August 2013 after the (financial) whirlwind

Investment opinions August 2013

Even if you fall on your face, you are still moving forward. Victor Kiam (1926-2001) US Entrepreneur

The global investment markets received a severe shock in May and June this year. All four of the normal investment sectors, equities, bonds, commodities and currencies fell sharply, leaving no room for investment managers to switch their emphasis from one sector to another. This also had a direct impact on the geographical investment centers, resulting in the fact that no one sector was able to help compensate for the losses of another.

There were for instance, market corrections of up to 10% in emerging market equities, something all too usual in the sector. The 2013 falls were due largely to a fear that the Chinese economy was showing reduced growth. Economic figures from China in July have shown this is not actually the case, but a nervous market believed the story before waiting for anything as mundane as facts.

Equities and bonds denominated in local currencies suffered too as jittery investors spurned the currency risk and flocked to the US Dollar again.

There was no real reason for this decline; it was the nervous traders in an otherwise lackluster market again. Interestingly, the experienced managers waited for the declines to finish before buying the cheap assets and July saw an immediate improvement and strong growth in the value of investments will probably continue in a positive manner and global investors will start refreshed from their summer holidays in September.

The European Central bank and the Bank of England have both made it clear that they plan to hold interest rates low for some considerable time to come. The US Federal Reserve, presumably because it is concerned about the dangers of disinflation, is also likely to continue its bond buying policy amounting to 85 Billion Dollars a month without any major changes for many months to come.

In Germany, negative real interest rates should be the source of great unhappiness. The German people are giving away their money without a whimper. The statistics issued by the German Bundesbank however show that there is no noticeable redistribution of investments away from government bonds. German institutions and private investors seem to be extraordinarily long suffering despite the real losses they have to accept. Perhaps it’s because they are not being asked. In such circumstances how can one therefore say no? German savers have been used to a system which has encouraged ‘safe ‘savings in government bonds. Now those savings are no longer safe, or at least no longer logical and yet the savers, whether institutional or private, have a resistance to investing in equities. This probably explains why the majority of shares in DAX companies are in fact owned by foreigners.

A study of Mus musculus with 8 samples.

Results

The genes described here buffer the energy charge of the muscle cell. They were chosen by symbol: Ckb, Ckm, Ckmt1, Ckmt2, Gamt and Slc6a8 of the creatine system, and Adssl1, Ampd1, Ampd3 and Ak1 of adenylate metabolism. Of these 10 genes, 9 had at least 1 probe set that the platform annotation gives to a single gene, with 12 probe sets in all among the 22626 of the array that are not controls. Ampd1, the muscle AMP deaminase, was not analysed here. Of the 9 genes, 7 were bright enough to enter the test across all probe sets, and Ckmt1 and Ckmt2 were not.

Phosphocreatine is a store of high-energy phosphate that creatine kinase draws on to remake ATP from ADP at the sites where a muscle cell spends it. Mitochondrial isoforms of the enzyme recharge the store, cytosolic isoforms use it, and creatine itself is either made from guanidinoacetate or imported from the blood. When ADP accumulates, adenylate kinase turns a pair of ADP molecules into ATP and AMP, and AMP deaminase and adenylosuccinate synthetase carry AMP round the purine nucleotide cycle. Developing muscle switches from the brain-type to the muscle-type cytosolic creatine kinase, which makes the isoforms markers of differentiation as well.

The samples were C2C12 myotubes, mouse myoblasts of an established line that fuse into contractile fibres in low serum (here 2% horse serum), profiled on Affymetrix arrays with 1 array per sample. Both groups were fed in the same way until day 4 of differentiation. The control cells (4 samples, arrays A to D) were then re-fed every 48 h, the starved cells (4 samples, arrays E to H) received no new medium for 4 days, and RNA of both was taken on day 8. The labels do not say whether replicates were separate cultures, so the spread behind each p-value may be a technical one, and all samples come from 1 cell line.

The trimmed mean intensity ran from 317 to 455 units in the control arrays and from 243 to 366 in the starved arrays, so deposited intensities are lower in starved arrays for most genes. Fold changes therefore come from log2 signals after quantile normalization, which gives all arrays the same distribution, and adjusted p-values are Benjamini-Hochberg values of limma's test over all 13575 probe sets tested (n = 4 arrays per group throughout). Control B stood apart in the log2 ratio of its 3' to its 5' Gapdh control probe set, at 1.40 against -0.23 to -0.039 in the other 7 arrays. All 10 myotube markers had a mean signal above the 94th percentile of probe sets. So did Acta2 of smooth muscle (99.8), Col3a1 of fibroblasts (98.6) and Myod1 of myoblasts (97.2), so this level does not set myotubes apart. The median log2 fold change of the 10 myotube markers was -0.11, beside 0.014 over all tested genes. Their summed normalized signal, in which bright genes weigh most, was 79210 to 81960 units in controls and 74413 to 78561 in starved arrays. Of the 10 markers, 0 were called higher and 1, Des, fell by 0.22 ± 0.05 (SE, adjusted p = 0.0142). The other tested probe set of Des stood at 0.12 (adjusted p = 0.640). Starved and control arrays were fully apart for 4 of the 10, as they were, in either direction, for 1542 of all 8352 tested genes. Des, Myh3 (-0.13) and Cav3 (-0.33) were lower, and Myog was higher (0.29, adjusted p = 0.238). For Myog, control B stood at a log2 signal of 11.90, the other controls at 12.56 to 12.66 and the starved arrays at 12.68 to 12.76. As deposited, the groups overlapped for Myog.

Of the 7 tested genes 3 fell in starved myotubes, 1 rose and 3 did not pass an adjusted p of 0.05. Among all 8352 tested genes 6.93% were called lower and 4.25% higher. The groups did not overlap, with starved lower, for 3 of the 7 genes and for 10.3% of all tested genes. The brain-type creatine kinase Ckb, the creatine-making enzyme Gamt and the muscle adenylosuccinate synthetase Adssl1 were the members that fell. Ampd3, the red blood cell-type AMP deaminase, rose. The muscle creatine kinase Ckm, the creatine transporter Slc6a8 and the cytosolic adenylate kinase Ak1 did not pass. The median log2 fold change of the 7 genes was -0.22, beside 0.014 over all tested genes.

A new term has quickly established itself in the investment world, ‘financial repression’. It is any one or more of the measures that governments use to ensure that money is channeled from the investment markets to national coffers. Financial repression is especially useful at reducing government debt by way of inflation and devaluation. The measures used include keeping interest rates low, including national debt and bank deposit rates.

Governments then keep a tight control over the banks in their sphere of influence and prevent competition between them. Banks are required to have high capital reserves, which as a consequence reduces their willingness to extend loans. Banks are however being criticized for not lending to companies and consumers, though such complaints are largely for show. Keeping interest rates low would normally help to reduce the value of the currency against currencies of other countries which have higher interest rates, thereby reducing the value of the national debt which has to be repaid. This worked extremely well for the United States for many years after the second world war, but now most major countries have low interest rates, so the advantages are to a large extent lost, meaning that other means of Financial Repression have to be used.

The United States and China have both shown encouraging signs of economic growth. Where commentators had sought publicity by forecasting doom and despondency, economic growth is resuming with an expected beneficial effect on those economies trading with the big economic powers.

At a time of restructuring, especially in China and with Japan only just beginning its economic resurgence, raw material prices, including mining stocks have fallen back. US banks, especially those given a clean bill of health by the US authorities, are now showing signs of profitability again and their stocks can be taken back into conservative investment portfolios. The same is sadly not true of European banks where there is still much work to be done, especially by the regulators.

The former darling of the investment markets, the BRIC sector (Brazil, Russia, India and China) seems to have fallen apart. Brazil’s economy is out of control with high inflation, Russia still only has one product sector, oil and gas, oh yes and Russian Railways, but one has to ask the question how independent of the central government any of this is, India is still tainted by corruption and indecision which leaves China as a centrally planned, but potentially very profitable investment area.

The investment markets are trending positively again, it is time to invest in equities with a foundation of well managed mixed funds. There is good money to be lost in the bond markets, especially at a time when risks in the lower level bonds are not being properly rewarded. So-called alternative investments in exotic sectors such as timber and wine collections are dangerous quick fixes where an investor can almost as quickly lose their entire invested amount.